Thursday, 18 February 2016

Politics 2.0 and the Thirst for Content

In an earlier entry in this journal I compared Barack Obama's site to Hillary Clinton's. When I wrote that article, Obama had not yet secured the nomination.

Now that he has, I am wondering if his landslide victory had anything to do with his campaign's approach to new (nontraditional) media. The campaign seems to have a firm understanding of Web 2.0 practices, and social networking tools. is just one aspect of a very well-oiled media machine, another perhaps equally important aspect, is the campaign's YouTube channel. There you can view anything from the candidate's appearances on talk shows, to fully unedited speeches, to the campaign's video team's behind the scenes look on the campaign trail. They have posted over 1000 videos, and they are getting tens of thousands of hits a day.

My generation spends more time on YouTube than on traditional media outlets, and it seems like this 24-hour soundbite news that television networks have been shoving down our throats for years, just doesn't interest us.

We grew up in the age of the soundbite, the age of the slogan, the age of 24-hour news coverage, and it's as if we are tired of it. We don't want soundbites, we want content. Clear, unedited, real content. Obama's campaign doesn't only understand that desire, they are supplying us with the kind of content we crave.

Last night I went to a very interesting talk with Arun Chaudhary, director of video field production for Barack Obama. The evening was hosted by frog design, and moderated by Ellen McGirt (who had just written an incredible article for Fast Company called "The Brand Called Obama"). The room was filled with about 80 people, mostly non-traditional media folks.

Chaudhary talked a bit about how the campaign's media team works, the type of people involved, and how easy it is for them to get content out really quickly, since Obama trusts their judgement and expertise.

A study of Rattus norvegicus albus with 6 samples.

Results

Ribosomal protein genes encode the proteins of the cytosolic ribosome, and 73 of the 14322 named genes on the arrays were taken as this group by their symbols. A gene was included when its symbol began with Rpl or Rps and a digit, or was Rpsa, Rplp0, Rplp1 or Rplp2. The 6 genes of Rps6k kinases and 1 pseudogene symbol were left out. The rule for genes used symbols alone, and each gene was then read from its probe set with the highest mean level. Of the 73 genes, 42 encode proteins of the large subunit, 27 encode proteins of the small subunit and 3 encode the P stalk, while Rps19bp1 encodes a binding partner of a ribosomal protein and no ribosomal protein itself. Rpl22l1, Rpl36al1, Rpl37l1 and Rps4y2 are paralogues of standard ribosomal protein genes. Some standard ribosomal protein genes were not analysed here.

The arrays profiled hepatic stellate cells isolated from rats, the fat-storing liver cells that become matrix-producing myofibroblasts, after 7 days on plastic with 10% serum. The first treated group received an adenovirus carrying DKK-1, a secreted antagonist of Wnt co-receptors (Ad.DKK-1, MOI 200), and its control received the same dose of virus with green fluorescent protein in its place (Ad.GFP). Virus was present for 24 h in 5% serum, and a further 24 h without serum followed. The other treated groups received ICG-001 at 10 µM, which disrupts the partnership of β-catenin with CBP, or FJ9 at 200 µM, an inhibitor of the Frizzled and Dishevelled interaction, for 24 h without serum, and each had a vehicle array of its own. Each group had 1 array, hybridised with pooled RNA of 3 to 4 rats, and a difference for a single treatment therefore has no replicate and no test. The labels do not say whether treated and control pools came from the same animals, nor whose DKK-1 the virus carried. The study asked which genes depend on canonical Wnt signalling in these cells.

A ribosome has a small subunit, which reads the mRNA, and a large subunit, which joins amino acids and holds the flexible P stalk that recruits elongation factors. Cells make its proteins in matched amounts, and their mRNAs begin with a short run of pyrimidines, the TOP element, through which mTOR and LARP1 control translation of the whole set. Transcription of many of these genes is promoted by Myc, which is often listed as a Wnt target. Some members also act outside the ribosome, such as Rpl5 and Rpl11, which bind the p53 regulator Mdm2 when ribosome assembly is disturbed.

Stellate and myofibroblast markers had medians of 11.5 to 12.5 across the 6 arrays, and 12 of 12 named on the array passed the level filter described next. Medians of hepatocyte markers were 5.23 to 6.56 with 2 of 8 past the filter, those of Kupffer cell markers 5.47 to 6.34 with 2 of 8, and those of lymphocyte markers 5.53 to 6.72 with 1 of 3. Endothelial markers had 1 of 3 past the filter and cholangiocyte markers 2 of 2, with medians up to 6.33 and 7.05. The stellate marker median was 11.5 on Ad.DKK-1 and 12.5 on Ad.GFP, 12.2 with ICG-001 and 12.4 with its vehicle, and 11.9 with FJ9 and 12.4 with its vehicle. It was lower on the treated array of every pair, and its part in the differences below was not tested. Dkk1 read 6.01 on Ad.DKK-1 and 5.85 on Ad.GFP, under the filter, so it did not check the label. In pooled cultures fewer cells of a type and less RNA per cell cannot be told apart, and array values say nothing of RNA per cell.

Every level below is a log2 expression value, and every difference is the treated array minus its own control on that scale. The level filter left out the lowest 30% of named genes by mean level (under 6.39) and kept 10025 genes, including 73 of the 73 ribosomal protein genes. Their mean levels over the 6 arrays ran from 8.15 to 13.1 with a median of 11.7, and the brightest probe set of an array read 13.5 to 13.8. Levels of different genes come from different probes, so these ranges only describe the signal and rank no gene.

How incredible...

In most "creative" work places where you have to deal with clients, there is so much management, legal, and red tape in place, getting something approved can take weeks, sometimes even months. So Barack Obama sounds like the ideal client if you ask me, and it shows in the quality of content that's coming out of that campaign.

Chaudhary came from a solid, academic film background. Before he became Obama's director of field production he was adjunct professor of film at NYU. I think a filmmaker's approach to news coverage is inherently different than anyone working in the traditional media news outlets, and it's quite interesting that Obama's campaign chose a filmmaker to take on that role.

As his role was beginning to take shape, and he was traveling back and forth from Chicago to Iowa covering the Iowa caucus, they were pumping out hundreds of videos in a matter of weeks. At first they were posting little clips from Obama's speeches or town hall meetings on YouTube, but pretty soon people were demanding more content. The Obama campaign was surprised at the amount of people that kept asking for the full video.

So they took their cue from social-networking and Web 2.0, and gave the people what they wanted.
Frog posted some fragments from the night here.